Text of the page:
Supported by Of Mice & Men and Crossfaith
Reviewed by Meghan Player2013 has been a massive year for music, so when three huge acts combine to tour across Australia in support of some of the biggest albums of the year – anticipation is certainly going to be quite high. Such is the case for Bring Me The Horizon, who returned to Australian shores with Japan’s Crossfaith and hardcore heroes, Of Mice & Men.

When I arrive at the venue, I struggle not to notice how old I feel amongst an all-ages crowd. Some form of dubstep blasts its way through the venue speakers, before a countdown voiceover announces there are “4 minutes til the show begins”.

And boy did we need that warning for what is about to come.

Crossfaith subsequently blow everyones minds and eardrums from the minute they step onto stage. Having only recently been introduced to the band, the promise of these guys being “an unmissable live act” certainly exceeded my expectations. The band throw themselves from one side of the stage to the other, never pausing, never letting up, hell, I don’t even think they stop for a drink of water during their set.

Much like their latest album, Apocalyze, the band deliver an epic, brutal performance – with each track taking on new life in the live arena, whilst setting the bar extremely high for the next act.

As the room begins to fill and the lights begin to dim once again, the screams for Of Mice & Men blow whatever hearing I have left. The band is borderline euphoric as they encourage the audience to move that little bit harder, pushing both their own and the crowds physical limits.It’s when front man Austin Carlile asks the crowd to climb on each others shoulders [even heads], that you can almost hear the gasp from the venue security guards and attending parents. Thankfully, there are no injuries and the spectacle itself is certainly formidable.

It is, however, the night for Bring Me The Horizon to show Australian audiences just what latest album, Sempiternal is all about. The energy and anticipation in the air is infectious, as the band makes their way to the stage for the final act of the evening.As the band stands behind a sheer curtain, the illumination of Oli Sykes sends thousands of teenage girls into a frenzy of screaming, before the opening bars of Can You Feel My Heart ring out. On cue, the curtain drops from the ceiling, subsequently making the roaring/screaming/yelling increase ten fold. Certainly, tonight is going to be massive.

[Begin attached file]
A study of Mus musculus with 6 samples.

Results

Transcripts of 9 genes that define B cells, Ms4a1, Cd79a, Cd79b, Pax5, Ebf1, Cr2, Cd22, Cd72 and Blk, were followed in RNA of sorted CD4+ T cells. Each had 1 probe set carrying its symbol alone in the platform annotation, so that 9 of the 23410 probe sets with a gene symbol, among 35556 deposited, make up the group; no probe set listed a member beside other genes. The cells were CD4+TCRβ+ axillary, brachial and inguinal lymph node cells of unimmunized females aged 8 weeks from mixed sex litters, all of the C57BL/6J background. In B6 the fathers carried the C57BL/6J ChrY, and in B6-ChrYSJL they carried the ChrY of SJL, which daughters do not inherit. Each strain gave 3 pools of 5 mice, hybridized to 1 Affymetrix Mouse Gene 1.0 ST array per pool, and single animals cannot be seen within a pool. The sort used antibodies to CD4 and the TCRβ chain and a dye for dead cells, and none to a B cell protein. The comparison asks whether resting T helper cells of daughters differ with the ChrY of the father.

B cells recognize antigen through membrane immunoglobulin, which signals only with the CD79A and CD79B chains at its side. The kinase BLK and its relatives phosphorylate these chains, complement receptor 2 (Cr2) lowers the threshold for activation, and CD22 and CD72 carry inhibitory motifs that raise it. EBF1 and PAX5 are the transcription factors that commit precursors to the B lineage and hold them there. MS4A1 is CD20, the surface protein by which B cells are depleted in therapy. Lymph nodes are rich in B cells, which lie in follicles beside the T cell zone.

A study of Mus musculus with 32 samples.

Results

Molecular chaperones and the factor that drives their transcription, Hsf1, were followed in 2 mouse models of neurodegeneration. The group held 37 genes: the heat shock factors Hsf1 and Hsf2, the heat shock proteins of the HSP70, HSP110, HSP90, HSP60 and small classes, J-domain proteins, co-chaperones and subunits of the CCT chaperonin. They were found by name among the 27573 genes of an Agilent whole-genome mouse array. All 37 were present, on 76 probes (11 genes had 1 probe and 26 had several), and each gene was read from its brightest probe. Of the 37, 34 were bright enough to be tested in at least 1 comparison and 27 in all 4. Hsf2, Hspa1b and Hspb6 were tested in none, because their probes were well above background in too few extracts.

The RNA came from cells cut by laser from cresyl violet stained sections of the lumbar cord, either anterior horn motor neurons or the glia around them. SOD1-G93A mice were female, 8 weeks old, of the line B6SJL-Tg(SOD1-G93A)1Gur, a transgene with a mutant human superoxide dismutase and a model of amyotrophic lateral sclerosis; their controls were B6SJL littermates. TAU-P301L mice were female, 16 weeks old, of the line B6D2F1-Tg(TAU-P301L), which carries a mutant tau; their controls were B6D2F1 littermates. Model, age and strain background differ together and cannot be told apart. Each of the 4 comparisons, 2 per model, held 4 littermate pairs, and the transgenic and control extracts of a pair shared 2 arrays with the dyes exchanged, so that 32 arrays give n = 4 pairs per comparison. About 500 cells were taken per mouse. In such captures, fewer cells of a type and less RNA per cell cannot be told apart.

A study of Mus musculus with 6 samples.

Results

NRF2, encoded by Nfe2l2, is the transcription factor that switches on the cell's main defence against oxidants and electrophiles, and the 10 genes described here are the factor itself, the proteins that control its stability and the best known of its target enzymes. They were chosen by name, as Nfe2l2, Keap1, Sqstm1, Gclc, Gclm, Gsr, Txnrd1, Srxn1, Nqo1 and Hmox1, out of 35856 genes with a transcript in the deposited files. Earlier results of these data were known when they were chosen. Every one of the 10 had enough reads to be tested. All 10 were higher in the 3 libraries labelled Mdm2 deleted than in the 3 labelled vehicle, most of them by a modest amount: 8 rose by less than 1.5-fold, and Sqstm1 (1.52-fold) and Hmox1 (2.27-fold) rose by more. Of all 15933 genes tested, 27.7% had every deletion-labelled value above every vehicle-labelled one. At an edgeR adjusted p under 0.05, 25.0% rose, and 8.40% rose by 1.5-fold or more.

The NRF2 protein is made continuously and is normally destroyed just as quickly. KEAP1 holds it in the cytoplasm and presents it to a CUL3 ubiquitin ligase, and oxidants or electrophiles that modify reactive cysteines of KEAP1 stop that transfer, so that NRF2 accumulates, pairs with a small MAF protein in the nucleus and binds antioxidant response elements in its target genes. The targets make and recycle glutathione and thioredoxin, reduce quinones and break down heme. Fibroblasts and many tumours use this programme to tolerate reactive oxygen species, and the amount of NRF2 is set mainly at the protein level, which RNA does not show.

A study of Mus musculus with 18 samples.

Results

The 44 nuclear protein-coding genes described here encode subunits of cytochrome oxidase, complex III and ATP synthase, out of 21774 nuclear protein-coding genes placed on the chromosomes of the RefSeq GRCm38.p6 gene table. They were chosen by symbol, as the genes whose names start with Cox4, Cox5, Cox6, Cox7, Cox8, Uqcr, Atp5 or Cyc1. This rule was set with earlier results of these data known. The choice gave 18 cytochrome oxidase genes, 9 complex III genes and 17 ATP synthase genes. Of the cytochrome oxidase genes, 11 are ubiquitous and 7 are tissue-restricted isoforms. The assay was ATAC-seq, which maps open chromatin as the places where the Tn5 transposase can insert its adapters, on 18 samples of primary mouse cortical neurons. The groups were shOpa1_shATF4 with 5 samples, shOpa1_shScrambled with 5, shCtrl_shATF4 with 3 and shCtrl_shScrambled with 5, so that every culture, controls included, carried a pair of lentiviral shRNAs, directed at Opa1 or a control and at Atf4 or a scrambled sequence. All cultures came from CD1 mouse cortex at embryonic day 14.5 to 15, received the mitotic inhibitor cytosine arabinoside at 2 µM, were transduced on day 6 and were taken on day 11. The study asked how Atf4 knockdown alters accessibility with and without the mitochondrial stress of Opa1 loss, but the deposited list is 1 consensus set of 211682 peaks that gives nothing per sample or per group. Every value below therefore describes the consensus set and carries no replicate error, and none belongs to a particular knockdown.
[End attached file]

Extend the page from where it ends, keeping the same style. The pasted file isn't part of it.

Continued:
As the band launches into a set that comprises a majority of tracks from their latest album, I can never manage to tear my eyes away from what is happening on stage. Sykes throws himself around like a man possessed, whilst fellow band members jump from strategically placed stage rises. Each sudden burst of chorus or emphatic growl is matched with incredible stage lighting – making the performance less of a show and more of a spectacle.

It’s when the band stops to breathe during the semi-ballad And The Snakes Start To Sing that I’m shifting into sensory overload – in the best way possible. The band has the audience, including myself, eating out of the palm of their hands – drawing us into their hardcore web of intrigue. And we love every minute of it.

Undoubtedly, tonight is a true testament to not only Bring Me The Horizon, but the booming hardcore scene. All three bands continue to not only push the boundaries of the conventional hardcore band, but keep the music dangerous and above all, interesting.

Do yourself a favour, do not miss this tour – you will certainly regret it if you do.